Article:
Two fringe festivals bring organized chaos to Atlanta theater this June

Instead of competing, Lavender Fest and the Atlanta Fringe Festival have promoted one another to make June Atlanta’s season of fringe

The Atlanta Fringe Festival started in 2012 and has since expanded to 20 shows in 1 week.

Photograph courtesy of the Atlanta Fringe Festival

One of Ty Autry’s first encounters with fringe theater was as a performer on the international stage. He traveled to the 2019 International Dublin Gay Theatre Festival to debut a one-person show based on his life, A Southern Fairytale: The Story of a Gay Christian Growing Up in the Deep South. The performance, limited to one hour, took the Dublin audience on a magical journey through Georgia, with Autry’s protagonist thwarting a wizard who wields the power of conversion therapy and a dragon that breathes the fire of fear. “I was so nervous to step in front of that audience, but they were so giving and wanted my story,” Autry, a native of Thomasville, says.

Fringe theater is performed without production or weeks of rehearsal, and mostly lives as a single festival run. The idea began with the Edinburgh Festival Fringe in 1947, created as an alternative showcase for nontraditional acts passed over by the city’s premier theater festival. The one-off nature creates a theatrical pressure cooker, with an audience there for organic, weird, and wonderful performances that typically last just an hour.

Five years after Dublin, Autry debuts as the director of a new fringe festival in Atlanta. Lavender Fest will showcase nine performances by queer artists from June 19 to 23 at Out Front Theatre, where Autry is a member of the Artistic Advisory Council. “I wanted a space that can support queer works and also educate a Southern audience,” he says. “The fringe format is perfect because these aren’t full productions, which brings forth stories you would never hear before and you’ll likely never hear again.”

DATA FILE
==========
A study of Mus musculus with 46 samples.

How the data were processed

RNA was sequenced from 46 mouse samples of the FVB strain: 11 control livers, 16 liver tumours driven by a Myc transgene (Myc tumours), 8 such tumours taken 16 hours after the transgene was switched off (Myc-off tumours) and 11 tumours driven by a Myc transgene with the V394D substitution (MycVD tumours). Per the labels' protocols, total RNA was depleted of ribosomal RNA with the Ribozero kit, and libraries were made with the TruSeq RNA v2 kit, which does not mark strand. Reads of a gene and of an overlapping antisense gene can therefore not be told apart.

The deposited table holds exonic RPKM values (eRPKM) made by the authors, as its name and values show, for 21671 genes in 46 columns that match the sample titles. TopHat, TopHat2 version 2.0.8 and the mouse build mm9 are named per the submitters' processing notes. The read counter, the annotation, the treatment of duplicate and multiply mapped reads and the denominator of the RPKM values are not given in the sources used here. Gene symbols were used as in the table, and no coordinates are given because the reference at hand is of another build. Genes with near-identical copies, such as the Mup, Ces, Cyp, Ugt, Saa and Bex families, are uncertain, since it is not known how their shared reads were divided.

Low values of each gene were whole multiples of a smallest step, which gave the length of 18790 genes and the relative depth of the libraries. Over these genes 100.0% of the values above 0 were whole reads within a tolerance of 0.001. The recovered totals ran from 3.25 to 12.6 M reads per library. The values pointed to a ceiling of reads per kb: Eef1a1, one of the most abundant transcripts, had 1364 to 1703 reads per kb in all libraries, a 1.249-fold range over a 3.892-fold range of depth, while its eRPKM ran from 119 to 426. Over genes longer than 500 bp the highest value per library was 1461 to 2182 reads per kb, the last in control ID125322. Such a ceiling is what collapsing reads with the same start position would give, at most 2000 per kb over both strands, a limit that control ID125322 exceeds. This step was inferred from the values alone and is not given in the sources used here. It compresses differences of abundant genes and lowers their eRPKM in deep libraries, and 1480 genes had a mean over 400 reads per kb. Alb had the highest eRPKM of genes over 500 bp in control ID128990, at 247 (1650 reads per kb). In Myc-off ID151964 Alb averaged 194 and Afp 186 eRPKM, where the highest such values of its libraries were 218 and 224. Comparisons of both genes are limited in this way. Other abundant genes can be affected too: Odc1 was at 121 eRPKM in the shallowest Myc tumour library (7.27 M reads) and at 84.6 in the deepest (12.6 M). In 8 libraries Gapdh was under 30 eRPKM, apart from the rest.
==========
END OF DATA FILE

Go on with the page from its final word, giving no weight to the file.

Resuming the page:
Lavender Fest joins a busy June schedule for fringe in Atlanta. The Atlanta Fringe Festival runs June 3 to 9, with 20 different shows at 7 venues. Instead of competing, the fringe festivals have promoted one another to make June Atlanta’s season of fringe. “It feels like we’re getting a best friend,” says Diana Brown, cofounder of the Atlanta Fringe Festival, which began in 2012. “Lavender Fest has this amazing platform to bring queer artists to the stage, and I can’t wait to go.”

Brown started the Atlanta Fringe Festival without having seen a fringe festival herself. She had heard about the concept from friends, and they were able to set up performances in small theaters around Atlanta. The first fringe show she saw was her opening night. A group called Performance Gallery did scat poetry to show how syllables came together to make language. The show, titled Fricative, guided the audience through otherworldly settings, such as aliens meeting to decipher words like table. “It was so bizarre that I actually cried in my seat,” Brown says. “The show was exactly the weird [stuff] I wanted—nowhere else in Atlanta had something like this.”

Every year, Brown pulls names of applicants from a hat to fill the lineup. The result is a wide variety of shows, from clowns and puppetry to tragic comedies and dramatic storytelling. This year, the festival will use theaters like 7 Stages and Limelight, in addition to unique spaces such as Wrecking Bar Brewpub and East Atlanta Kids Club.

For Lavender Fest, Out Front will host four nights of four shows each. Autry chose performances to represent each facet of the queer community, with comedies, musicals, drag, and more. “There’s a slice of the rainbow for everyone,” Autry says. “I know Lavender will be a deeply personal space because that is what fringe is—the artist trusting the audience with their story, and the audience trusting the artist to tell a story that will range the expanse of the human experience.”

This article appears in our June 2024 issue.